Paul R. Gregory

Research Fellow
Biography: 

Paul Gregory is a research fellow at the Hoover Institution. He is Cullen Professor Emeritus in the Department of Economics at the University of Houston, a research fellow at the German Institute for Economic Research in Berlin, and emeritus chair of the International Advisory Board of the Kiev School of Economics. Gregory has held visiting teaching appointments at Moscow State University and the Free University of Berlin.

Gregory was the director of the Russian Petroleum Legislation Project of the University of Houston Law Center from 1992 to 1997 and has written broadly on Russian energy.

The holder of a PhD in economics from Harvard University, he is the author or coauthor of twelve books and more than one hundred articles on economic history, the Soviet economy, transition economies, comparative economics, and economic demography. His most recent books are Women of the Gulag: Portraits of Five Remarkable Lives (Hoover Institution Press, 2013), Politics, Murder, and Love in Stalin’s Kremlin: The Story of Nikolai Bukharin and Anna Larina (Hoover Institution Press, 2010), Lenin’s Brain and Other Tales from the Secret Soviet Archives (Hoover Institution Press, 2008), Terror by Quota (Yale, 2009), and The Political Economy of Stalinism (Cambridge, 2004), for which he received the Hewett Prize, awarded to works on the political economy of Russia, Eurasia, or Eastern Europe. He co-edited The Lost Transcripts of the Politburo (Yale, 2008). His archival work is summarized in “Allocation under Dictatorship: Research in Stalin’s Archive” (Journal of Economic Literature.) As a producer, Gregory worked with director Marianna Yarovskaya on the documentary film Women of the Gulag, which was short-listed for the 2019 Academy Awards.

Gregory blogs for Defining Ideas and The Hill and tweets at #PaulR_Gregory.


Analysis and Commentary

Straight Talk: Why Would a Dictator “Reform?”

by Paul R. Gregoryvia What Paul Gregory Is Writing About
Tuesday, February 15, 2011

Our pleas for them to become “democrats” will go unheeded. From their perspective, this is very bad advice...

Analysis and Commentary

Kleptocrats, Oligarchs, and Billionaire Entrepreneurs (In this Game Mubarak Is a Piker)

by Paul R. Gregoryvia What Paul Gregory Is Writing About
Sunday, February 13, 2011

In countries with poor institution, wealth is accumulated either by the head of state or by his cronies by transferring assets from others or from society itself...

Obama Does Not Understand Business

by Paul R. Gregoryvia Advancing a Free Society
Monday, February 7, 2011

As a teacher of comparative economics and textbook author on the subject, I cannot refrain from commenting on President Obama’s unfortunate lack of understanding of business.

Analysis and Commentary

Obama Does Not Understand Business

by Paul R. Gregoryvia What Paul Gregory Is Writing About
Sunday, February 6, 2011

As a teacher of comparative economics and textbook author on the subject, I cannot refrain from commenting on President Obama’s unfortunate lack of understanding of business...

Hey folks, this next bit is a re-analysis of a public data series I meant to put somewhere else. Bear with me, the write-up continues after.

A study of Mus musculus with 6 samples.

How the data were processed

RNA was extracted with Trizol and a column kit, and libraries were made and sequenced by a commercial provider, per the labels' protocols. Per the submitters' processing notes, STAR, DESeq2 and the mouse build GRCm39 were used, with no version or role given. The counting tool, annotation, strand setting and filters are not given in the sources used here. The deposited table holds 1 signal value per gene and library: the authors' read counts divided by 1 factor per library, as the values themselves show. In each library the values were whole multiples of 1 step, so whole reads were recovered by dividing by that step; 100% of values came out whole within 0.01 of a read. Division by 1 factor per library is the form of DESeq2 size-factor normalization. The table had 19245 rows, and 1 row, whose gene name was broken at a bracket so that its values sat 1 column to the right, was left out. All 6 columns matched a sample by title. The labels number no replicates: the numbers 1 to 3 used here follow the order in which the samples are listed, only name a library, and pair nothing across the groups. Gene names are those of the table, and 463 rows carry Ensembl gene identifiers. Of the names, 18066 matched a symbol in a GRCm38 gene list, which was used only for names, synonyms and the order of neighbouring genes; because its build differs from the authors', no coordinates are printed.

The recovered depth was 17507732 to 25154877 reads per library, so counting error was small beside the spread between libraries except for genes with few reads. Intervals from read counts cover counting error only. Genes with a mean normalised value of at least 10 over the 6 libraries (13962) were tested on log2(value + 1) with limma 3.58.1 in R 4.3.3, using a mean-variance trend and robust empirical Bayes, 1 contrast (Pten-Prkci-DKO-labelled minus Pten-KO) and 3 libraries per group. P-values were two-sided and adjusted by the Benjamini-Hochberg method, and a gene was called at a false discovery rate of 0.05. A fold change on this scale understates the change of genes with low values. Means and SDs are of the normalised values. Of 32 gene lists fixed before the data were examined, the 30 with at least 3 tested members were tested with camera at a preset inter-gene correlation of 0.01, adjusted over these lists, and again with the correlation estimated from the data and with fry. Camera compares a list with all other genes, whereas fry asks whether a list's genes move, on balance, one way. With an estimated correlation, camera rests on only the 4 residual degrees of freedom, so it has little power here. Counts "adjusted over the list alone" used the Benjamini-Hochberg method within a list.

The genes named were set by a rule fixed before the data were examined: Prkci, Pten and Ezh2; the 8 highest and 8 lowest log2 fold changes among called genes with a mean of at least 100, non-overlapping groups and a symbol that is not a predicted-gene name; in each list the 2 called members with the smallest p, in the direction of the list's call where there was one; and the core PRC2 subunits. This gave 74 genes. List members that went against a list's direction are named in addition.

An Egyptian Power Struggle: Why the Worst Will Win (Lesson’s from Lenin’s Playbook)

by Paul R. Gregoryvia Advancing a Free Society
Tuesday, February 1, 2011

The media has again begun its celebration. Another repressive dictator has been overthrown (or is about to be). The people are massed in the streets demanding freedom. Talk turns to a successor who will restore order and create a new and better order.

Analysis and Commentary

An Egyptian Power Struggle: Why the Worst Will Win (Lesson’s from Lenin’s Playbook)

by Paul R. Gregoryvia What Paul Gregory Is Writing About
Monday, January 31, 2011

The hard reality is that this optimistic scenario rarely works out. A worse (or equally bad) dictator rises to the top, not a democracy or even a more benevolent dictator...

Russia Needs Our Money Now, But For How Long? Medvedev in Davos

by Paul R. Gregoryvia Advancing a Free Society
Thursday, January 27, 2011

Dimity Medvedev’s Davos charm offensive was cut short by the suicide bombing at Domodedova airport. He could not afford to be seen mingling with “Davos Men” as victims of the tragedy lay dying.

Analysis and Commentary

Russia Needs Our Money Now, But For How Long? Medvedev in Davos

by Paul R. Gregoryvia What Paul Gregory Is Writing About
Wednesday, January 26, 2011

How Western investors accept the Medvedev-Putin invitation is yet another test for world capital markets...

Wikileaks, Gazprom, the Putin Wealth Tax, and the Chinese Counter Example

by Paul R. Gregoryvia Advancing a Free Society
Wednesday, January 19, 2011

Buried in the Wikileaks releases is an account of a rare meeting of Moscow Embassy officials in September of 2008 with the reclusive management of Russia’s largest company, Gazprom.

BP, Putin, and Russian Oil: Will They Never Learn?

by Paul R. Gregoryvia Advancing a Free Society
Tuesday, January 18, 2011

Robert Dudley, CEO of British Petroleum, and Igor Sechin, Russian Deputy Prime Minister and board chairman of Rosneft, announced a new mega-deal between BP and the state owned Russian oil company.